This is an area of childminding that we all have to get to grips with. Although we risk assess continually on an informal basis, there does need to be some written evidence of the actions we take to promote the safety of the children we care for. In the Statutory Framework for the Early Years Foundation Stage, the specific legal requirements of risk assessment state that 'The provider must conduct a risk assessment and review it regularly - at least once a year or more frequently where the need arises'. This involves a complete review of your setting, including all of the areas that you childmind such as lounge, hallway and stairs, bathrooms, bedrooms, kitchen, garden. Many childminders review the risk assessment when a new child joins the setting, to ensure that the current safeguards will be enough to protect the new child.
It also states that the risk assessment should identify checks that need to be made on a regular basis, and provide a record of having made these checks. I keep a record of checks made weekly, monthly, quarterly and yearly. they serve as a handy reminder for me that they need doing and are easily available when Ofsted come to call. these include receipts for having had the boiler serviced and the chimney swept, the dog's vaccination card and worming receipts, and date, time and signature for things like checking the fire alarm weekly.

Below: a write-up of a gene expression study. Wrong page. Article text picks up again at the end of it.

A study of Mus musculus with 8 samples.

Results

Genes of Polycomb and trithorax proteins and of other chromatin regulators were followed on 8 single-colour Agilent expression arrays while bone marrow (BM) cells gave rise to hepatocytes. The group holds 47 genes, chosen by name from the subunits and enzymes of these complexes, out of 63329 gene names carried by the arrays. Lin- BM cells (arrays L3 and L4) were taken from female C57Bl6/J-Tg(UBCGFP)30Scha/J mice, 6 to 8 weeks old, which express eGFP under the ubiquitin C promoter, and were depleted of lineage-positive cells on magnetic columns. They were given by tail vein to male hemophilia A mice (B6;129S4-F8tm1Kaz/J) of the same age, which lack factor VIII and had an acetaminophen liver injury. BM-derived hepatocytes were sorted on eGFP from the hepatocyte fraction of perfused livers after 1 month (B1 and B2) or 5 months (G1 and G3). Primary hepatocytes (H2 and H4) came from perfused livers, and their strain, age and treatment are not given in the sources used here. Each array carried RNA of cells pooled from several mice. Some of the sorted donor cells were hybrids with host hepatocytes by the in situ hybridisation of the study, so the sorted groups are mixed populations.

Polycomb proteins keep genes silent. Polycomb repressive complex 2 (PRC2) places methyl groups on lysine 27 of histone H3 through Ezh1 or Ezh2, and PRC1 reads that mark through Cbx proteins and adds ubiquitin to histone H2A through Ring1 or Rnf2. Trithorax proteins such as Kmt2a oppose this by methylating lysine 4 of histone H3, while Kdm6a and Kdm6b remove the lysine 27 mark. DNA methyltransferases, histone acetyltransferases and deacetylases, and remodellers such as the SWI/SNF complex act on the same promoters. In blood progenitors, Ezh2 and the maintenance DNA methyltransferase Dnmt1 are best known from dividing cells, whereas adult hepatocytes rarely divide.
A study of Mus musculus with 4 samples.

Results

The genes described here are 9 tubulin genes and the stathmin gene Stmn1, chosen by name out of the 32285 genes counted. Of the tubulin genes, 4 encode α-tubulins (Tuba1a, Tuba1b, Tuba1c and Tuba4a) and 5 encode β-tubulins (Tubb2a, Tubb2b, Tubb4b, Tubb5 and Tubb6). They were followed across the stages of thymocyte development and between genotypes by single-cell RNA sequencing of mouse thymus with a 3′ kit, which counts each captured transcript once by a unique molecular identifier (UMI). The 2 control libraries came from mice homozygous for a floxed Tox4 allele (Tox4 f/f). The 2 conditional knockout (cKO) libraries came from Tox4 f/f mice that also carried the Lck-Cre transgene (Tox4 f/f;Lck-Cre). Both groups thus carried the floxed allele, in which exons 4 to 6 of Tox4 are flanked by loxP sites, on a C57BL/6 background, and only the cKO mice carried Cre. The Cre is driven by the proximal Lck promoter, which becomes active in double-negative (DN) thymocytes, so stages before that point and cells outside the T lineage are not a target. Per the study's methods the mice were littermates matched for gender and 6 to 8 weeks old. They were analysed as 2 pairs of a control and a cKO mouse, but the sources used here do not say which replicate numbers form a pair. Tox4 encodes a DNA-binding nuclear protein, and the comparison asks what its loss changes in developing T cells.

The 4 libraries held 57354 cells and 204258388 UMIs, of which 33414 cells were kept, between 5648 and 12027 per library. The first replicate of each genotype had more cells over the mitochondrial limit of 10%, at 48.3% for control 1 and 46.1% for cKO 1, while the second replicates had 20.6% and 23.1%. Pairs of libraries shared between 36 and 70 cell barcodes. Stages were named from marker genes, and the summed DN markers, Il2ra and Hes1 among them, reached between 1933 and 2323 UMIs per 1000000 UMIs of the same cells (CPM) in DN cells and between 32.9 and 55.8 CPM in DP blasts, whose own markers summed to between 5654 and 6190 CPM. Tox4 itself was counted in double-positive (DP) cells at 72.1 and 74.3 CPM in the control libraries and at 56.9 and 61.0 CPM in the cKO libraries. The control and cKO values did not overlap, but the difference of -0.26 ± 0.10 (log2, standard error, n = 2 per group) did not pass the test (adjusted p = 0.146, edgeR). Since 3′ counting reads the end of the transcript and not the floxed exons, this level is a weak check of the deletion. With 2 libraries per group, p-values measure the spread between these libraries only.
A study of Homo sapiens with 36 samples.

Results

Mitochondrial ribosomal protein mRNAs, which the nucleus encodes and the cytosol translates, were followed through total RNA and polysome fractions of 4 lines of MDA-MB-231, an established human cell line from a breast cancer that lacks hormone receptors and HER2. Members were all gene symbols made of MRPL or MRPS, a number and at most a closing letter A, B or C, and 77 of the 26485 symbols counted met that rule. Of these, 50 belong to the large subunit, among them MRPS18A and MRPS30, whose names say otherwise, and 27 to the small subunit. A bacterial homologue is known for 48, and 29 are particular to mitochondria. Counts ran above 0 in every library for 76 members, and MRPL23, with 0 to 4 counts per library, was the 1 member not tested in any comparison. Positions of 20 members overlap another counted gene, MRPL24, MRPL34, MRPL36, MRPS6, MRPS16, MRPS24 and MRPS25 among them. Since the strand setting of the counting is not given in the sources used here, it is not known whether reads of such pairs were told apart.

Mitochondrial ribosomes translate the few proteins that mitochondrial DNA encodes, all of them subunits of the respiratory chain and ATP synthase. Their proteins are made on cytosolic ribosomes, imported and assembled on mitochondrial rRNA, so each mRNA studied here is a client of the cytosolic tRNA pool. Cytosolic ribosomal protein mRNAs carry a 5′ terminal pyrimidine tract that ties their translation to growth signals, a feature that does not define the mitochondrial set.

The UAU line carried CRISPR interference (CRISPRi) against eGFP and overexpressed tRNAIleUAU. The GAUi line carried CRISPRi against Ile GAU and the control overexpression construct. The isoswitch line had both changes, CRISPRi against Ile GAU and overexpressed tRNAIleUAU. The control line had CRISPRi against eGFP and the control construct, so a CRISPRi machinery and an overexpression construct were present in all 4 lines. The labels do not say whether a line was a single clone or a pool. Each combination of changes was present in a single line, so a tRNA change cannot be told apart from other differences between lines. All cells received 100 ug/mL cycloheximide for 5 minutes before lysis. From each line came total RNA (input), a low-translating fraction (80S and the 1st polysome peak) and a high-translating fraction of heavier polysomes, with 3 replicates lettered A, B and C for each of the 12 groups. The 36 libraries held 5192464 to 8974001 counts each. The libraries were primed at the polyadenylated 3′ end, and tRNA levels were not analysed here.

Risk assessments 'should cover anything with which a child may come into contact' (EYFS, 2008). Recently I was reading about risk assessments and realised that there was a lot that I had not covered. I have risk assessed visiting the park, travelling in the car, walking to the school, attending the 'stay and play' session, being near water, soft play areas that we use, National Trust Properties and I complete an assessment for visits to attractions. After reading information here I made a new list of risks that I should assess. These are: unregistered rooms (how do I prevent access?), handwashing facilities, technology used, cooking with children, mealtimes, loss of water or power and paperwork storage. This section particularly made me think more about the outside areas of my home, I had never considered assessing the driveway before the recent snowy weather made it icy and treacherous!
I would recommend starting with a main assessment of your home. On the first page write the date that you assessed, and when you need to review it, along with your name and signature. Use the pages linked to above to give you ideas for what areas to assess and look critically at each room in turn. You can list hazards that you have already tackled, such as plug sockets and putting covers in them, as well as hazards that need attention and what you need to do. Remember to sign and date when you have addressed them! There are some ideas on this page for assessing your home, but remember that your setting is unique and there may be other things that you need to think about!
As for me, I have reflected on my risk assessments and written a list of actions that need to be addressed. i will post about them as I complete them!